Core Concepts-Absolute Configuration
In this tutorial, you will learn about what absolute configuration is, along with how to determine the absolute configuration of a molecule.
Topics Covered in Other Articles
- What are Organic Compounds?
- Constitutional Isomers
- Stereoisomers and Chiral Centers
- Enantiomers vs. Diastereomers
- IUPAC Naming of Organic Compounds
What is Absolute Configuration?
We use absolute configuration for chiral molecules in stereochemistry to describe the 3D orientation of the molecule. The absolute configuration of a molecule refers to the spatial arrangement of atoms around a chirality center. R and S are the terms used to refer to the absolute configuration of a molecule. To determine the absolute configuration of a molecule, we use the Cahn-Ingold-Prelog (CIP) sequence rules, named after R.S Cahn, C.K Ingold, and Vladimir Prelog.
Determining Absolute Configuration
Before we get into determining absolute configuration, I want to remind you that wedged lines represent bonds pointing toward you, while the dashed lines represent bonds pointing away from you.
When the Lowest Priority is a Dash
For this example, we are going to be looking at the amino acid alanine.
To begin assigning absolute configuration, we need to find the chirality center within the molecule. A chirality center is an atom with three or more different attachments; carbon is a common chirality center with four different attachments. In our example, the chirality center is the carbon with an asterisk.
Next, we will rank the atoms connected to the chiral carbon. They are ranked based on their atomic number; the higher the atomic number, the higher the priority. In our example, nitrogen is priority one because it has the highest atomic number of 7. Next, the two carbons connected to the chiral center are the atoms with the highest atomic number. We will look at the atoms further branching off these carbons to determine priority between the two. The carbon on the left has three hydrogens attached, while the one on the right has two oxygens attached. Oxygen has a higher atomic number than hydrogen; therefore, the carbon on the right has second priority. The carbon on the left has third priority, leaving hydrogen at the lowest priority.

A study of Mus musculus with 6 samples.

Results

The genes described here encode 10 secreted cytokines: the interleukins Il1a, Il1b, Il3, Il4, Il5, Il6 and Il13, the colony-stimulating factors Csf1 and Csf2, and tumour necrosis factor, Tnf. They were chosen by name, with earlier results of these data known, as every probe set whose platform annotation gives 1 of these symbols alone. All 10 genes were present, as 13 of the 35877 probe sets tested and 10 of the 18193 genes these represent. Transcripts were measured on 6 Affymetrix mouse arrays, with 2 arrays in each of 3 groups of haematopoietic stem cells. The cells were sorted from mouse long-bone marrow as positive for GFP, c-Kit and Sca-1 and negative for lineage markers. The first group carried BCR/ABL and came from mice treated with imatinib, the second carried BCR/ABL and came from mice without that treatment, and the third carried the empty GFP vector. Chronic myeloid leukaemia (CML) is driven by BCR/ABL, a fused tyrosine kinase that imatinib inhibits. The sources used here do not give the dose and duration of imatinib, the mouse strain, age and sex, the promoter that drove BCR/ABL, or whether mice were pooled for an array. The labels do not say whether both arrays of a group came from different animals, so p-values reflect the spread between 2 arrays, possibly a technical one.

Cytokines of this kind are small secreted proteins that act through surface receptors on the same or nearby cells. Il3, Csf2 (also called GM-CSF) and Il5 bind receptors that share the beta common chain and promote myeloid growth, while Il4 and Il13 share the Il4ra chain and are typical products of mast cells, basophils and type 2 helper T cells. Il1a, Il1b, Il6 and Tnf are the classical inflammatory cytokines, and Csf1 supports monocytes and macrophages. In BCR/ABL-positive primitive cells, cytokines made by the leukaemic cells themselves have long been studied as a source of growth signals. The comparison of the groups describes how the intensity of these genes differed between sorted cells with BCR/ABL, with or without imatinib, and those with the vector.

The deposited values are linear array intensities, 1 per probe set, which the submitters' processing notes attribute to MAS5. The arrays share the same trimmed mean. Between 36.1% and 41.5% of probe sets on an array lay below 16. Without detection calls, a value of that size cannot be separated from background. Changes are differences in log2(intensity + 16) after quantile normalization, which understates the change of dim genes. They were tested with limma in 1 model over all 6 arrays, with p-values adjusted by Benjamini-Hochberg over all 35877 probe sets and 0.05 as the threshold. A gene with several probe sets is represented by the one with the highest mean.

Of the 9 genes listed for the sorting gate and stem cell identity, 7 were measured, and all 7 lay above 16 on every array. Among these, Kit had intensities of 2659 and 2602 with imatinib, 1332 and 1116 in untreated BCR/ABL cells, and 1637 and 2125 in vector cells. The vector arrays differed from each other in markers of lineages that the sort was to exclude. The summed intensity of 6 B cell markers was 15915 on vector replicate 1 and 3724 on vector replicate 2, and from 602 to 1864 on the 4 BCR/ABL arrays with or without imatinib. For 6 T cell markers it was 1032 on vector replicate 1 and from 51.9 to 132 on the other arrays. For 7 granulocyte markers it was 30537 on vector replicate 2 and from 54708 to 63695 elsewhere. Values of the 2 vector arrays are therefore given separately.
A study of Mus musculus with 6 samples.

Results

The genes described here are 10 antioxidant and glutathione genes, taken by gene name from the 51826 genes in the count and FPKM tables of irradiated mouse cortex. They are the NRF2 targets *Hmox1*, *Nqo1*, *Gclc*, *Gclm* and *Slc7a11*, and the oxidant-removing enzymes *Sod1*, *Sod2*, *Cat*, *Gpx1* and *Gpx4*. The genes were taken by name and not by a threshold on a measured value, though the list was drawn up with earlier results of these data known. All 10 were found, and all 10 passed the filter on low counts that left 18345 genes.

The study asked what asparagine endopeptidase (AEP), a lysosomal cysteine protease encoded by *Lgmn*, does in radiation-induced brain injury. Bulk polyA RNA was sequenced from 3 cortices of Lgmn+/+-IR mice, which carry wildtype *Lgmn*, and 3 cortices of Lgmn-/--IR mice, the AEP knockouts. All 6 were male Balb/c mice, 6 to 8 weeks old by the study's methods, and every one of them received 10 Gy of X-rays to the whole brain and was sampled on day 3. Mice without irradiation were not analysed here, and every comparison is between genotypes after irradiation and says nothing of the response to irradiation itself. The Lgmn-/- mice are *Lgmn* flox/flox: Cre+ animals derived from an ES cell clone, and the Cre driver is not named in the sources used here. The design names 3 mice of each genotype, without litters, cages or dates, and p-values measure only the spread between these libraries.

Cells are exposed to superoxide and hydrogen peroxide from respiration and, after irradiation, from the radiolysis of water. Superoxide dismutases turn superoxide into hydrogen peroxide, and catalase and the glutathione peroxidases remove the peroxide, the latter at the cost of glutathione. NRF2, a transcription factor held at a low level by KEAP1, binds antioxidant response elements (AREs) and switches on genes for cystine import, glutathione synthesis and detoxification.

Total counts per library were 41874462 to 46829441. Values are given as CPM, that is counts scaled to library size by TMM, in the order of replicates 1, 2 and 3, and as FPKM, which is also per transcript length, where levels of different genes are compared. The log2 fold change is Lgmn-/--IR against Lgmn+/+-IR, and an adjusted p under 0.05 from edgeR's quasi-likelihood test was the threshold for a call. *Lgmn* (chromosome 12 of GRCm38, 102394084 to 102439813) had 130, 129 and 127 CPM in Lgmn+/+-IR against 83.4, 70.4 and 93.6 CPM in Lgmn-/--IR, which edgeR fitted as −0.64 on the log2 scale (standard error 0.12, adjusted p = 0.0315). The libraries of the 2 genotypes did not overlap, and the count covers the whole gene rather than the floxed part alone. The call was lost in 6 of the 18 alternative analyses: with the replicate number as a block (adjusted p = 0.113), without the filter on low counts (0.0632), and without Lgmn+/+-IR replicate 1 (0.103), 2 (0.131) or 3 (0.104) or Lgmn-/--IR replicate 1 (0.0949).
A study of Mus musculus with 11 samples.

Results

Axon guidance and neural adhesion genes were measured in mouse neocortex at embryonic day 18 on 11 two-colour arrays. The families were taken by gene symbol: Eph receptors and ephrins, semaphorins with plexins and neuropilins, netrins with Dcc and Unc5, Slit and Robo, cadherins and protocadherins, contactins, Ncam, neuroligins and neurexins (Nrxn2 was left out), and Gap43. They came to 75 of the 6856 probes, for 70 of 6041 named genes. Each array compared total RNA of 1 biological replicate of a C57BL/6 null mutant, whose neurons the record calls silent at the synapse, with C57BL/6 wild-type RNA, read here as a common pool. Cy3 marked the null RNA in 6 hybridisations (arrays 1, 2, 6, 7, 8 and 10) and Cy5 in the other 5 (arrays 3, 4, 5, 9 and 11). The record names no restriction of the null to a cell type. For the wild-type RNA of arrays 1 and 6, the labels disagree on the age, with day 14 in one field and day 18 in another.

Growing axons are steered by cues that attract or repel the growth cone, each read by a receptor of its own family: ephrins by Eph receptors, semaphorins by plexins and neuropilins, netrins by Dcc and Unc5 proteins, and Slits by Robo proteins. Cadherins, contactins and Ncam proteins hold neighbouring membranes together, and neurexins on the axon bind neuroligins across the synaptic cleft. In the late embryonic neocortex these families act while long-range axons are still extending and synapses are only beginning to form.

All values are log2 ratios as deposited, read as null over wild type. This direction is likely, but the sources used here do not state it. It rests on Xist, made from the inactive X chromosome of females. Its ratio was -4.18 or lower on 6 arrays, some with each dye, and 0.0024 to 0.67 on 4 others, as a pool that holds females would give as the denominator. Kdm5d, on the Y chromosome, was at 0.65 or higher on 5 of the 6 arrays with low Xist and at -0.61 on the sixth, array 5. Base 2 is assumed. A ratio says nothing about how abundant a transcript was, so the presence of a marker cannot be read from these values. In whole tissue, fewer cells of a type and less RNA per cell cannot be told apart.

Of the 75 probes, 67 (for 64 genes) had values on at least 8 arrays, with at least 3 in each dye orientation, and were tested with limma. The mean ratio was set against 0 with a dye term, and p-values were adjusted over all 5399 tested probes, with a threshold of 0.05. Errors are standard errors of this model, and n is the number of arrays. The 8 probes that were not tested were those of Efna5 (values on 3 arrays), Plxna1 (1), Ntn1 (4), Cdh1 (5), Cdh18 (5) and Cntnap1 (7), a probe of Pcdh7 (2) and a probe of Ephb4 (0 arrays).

Start by drawing an arrow from priority one going to priority two and then three.
If the arrow is going clockwise, like in this example, the configuration is R. On the contrary, if the arrow is going counterclockwise, the configuration is S. If you are struggling to remember which direction is R and which is S, you could think about the direction you write the beginning portions of these letters.
When the Lowest Priority is a Wedge
Ideally, the lowest priority atom is a dashed line, like in the example above. When the lowest priority atom is a wedge, the steps we follow are essentially the same as before but with a twist at the end. We will use the amino acid alanine again for this example.
Find the chirality center in the molecule. In this example, the same carbon as before is our chirality center.
Assign priority to the atoms connected to the chiral carbon based on their atomic number. Though some atoms have moved, they still have the same priority that they were assigned previously.
Draw an arrow from priority one going to priority two and then three.
This looks very similar to the previous example, but this last twist is very important to determine the molecule’s absolute configuration. The arrow in this example is going clockwise, so it appears to have an R configuration. But, because the lowest priority atom is a wedge, we will flip the configuration, making this molecule have an S configuration.
When the Lowest Priority is a Line
If the lowest priority atom is in the same plane as the paper, we can then temporarily switch it with whichever atom is pointing away.
With the molecule flipped, we assign its configuration the same way we have in previous examples. On our molecule, the arrow is moving clockwise, indicating an R configuration. But, because we switched the two atoms, the configuration of the original molecule is flipped and therefore has an S configuration.
Absolute Configuration Practice Examples
1: S configuration (I > Br > OH > H)
2: R configuration (OH > CN > CH2NH2 > H). Remember to switch the lowest priority atom to the back of the molecule.
3: Neither. This molecule is achiral.